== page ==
February RICF Update
Welcome to our first update of 2017. 2016 was a busy year for us all at RICF. Throughout the last year we supported five children and young people in short term kinship care placements, eleven children and young people in long term foster placements and fourteen mother and baby pairs in our short term Maternity Project.
Over the course of the year all of the families in our kinship care programme became financially independent and two of the young people in our foster programme found work after completing their secondary education. We continue to support all of these young people via our Independent Living Project with counselling and advocacy.
Mother and baby pair when they first entered our Maternity Project in 2014
Seven mother and baby pairs also graduated our Maternity Project in 2016 and are now financially independent. One of our recent graduates is pictured above when she first entered our project in 2014. After seven years of living with her boyfriend Ioanna (not her real name) believed she knew him pretty well. They were planning a future together when Ioanna found out that she was pregnant. Ioanna was excited to discover that she was pregnant but unfortunately her boyfriend didn’t share her happiness and became violent towards her before throwing her out of the apartment where they lived together. Shortly after he vanished and Ioanna has not seen him again.
Ioanna went back to live with her parents. While they were shocked to discover that Ioanna would be a single parent they welcomed her back into their home. After giving birth Ioanna did her best to look after her new son. While she had the unconditional support of her parents (both retired) the financial stress of feeding an extra mouth became too much for them. Ioanna asked the state social work department for help and her case was referred to RICF in 2014. As well as receiving financial and budgeting support Ioanna has received counselling and peer support via our monthly meetings.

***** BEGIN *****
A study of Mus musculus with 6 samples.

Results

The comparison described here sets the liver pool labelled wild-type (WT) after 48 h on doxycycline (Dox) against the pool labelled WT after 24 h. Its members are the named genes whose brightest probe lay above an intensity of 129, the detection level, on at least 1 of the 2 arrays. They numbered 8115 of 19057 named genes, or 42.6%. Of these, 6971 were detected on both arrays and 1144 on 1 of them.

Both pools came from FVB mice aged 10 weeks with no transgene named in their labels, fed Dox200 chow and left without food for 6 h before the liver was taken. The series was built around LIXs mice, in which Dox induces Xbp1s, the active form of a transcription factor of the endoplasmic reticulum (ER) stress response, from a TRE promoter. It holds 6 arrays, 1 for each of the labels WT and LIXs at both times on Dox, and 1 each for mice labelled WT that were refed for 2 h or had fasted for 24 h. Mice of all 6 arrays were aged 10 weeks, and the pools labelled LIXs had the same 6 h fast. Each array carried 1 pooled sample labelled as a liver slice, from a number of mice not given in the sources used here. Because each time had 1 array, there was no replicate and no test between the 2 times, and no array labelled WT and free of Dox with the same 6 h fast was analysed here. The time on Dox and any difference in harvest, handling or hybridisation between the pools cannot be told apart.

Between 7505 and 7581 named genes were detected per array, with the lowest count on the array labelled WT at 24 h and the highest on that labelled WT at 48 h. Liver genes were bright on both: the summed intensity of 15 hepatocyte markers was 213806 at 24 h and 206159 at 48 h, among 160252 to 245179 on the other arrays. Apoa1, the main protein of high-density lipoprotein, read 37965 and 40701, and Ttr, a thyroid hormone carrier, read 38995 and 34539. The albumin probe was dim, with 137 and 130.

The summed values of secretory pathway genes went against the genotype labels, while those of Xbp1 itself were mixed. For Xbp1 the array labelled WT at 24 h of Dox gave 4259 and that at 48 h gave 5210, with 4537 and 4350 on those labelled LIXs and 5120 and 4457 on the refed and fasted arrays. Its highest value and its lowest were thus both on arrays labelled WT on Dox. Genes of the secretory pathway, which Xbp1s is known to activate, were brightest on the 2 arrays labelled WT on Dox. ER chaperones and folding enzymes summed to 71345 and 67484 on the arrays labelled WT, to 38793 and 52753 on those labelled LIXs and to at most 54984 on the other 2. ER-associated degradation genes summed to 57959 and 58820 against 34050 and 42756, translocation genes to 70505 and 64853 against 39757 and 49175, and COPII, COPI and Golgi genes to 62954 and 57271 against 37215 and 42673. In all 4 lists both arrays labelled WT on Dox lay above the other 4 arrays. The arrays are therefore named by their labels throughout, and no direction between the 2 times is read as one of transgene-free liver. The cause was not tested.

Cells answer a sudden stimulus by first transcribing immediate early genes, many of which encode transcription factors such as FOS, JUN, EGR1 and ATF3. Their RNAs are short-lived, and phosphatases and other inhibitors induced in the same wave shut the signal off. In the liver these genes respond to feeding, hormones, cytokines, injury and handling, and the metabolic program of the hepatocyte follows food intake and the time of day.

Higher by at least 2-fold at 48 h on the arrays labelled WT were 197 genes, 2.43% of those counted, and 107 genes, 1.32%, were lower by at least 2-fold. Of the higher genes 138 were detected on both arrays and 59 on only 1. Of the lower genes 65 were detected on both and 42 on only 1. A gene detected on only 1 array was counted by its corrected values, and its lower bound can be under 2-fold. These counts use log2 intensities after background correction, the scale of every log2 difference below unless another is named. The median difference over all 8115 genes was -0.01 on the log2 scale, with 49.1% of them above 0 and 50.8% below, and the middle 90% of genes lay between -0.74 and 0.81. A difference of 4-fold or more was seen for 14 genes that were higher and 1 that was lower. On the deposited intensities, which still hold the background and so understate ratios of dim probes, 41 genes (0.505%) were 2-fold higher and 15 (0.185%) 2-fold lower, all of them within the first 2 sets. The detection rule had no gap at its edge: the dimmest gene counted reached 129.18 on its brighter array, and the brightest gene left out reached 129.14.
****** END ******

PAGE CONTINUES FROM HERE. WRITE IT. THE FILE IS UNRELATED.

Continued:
Ioanna and her son now
Ioanna's son, who is now 3, is an active child with a charismatic personality. Ioanna works shifts in a supermarket and is being helped by her mother, who looks after her son and her two other grandsons. This job coupled with ongoing support from her parents has allowed Ioanna to become financially independent and graduate from our project.
Another key area of our work that we expanded on in 2016 was training foster carers and social workers who are employed by the Romanian state. You may remember reading about the UK charity Substitute Families for Abandoned Children’s (SFAC) visit to Romania in the Autumn to deliver training for our own foster carers and co-deliver training with RICF to foster carers and social workers employed by the Romanian state.
SFAC delivering part of the training course in Romania
One of the volunteers with SFAC, Walter has now written a blog about their visit entitled ‘A Pop Star and Foster Care in Romania.’ You can access the blog here. It is well worth a read! At the end of January 2017 RICF submitted an application with SFAC’s support to be accredited to deliver foster care training within Romania. Once granted this accreditation will allow us to charge a training fee for the courses that we run and help supplement our income.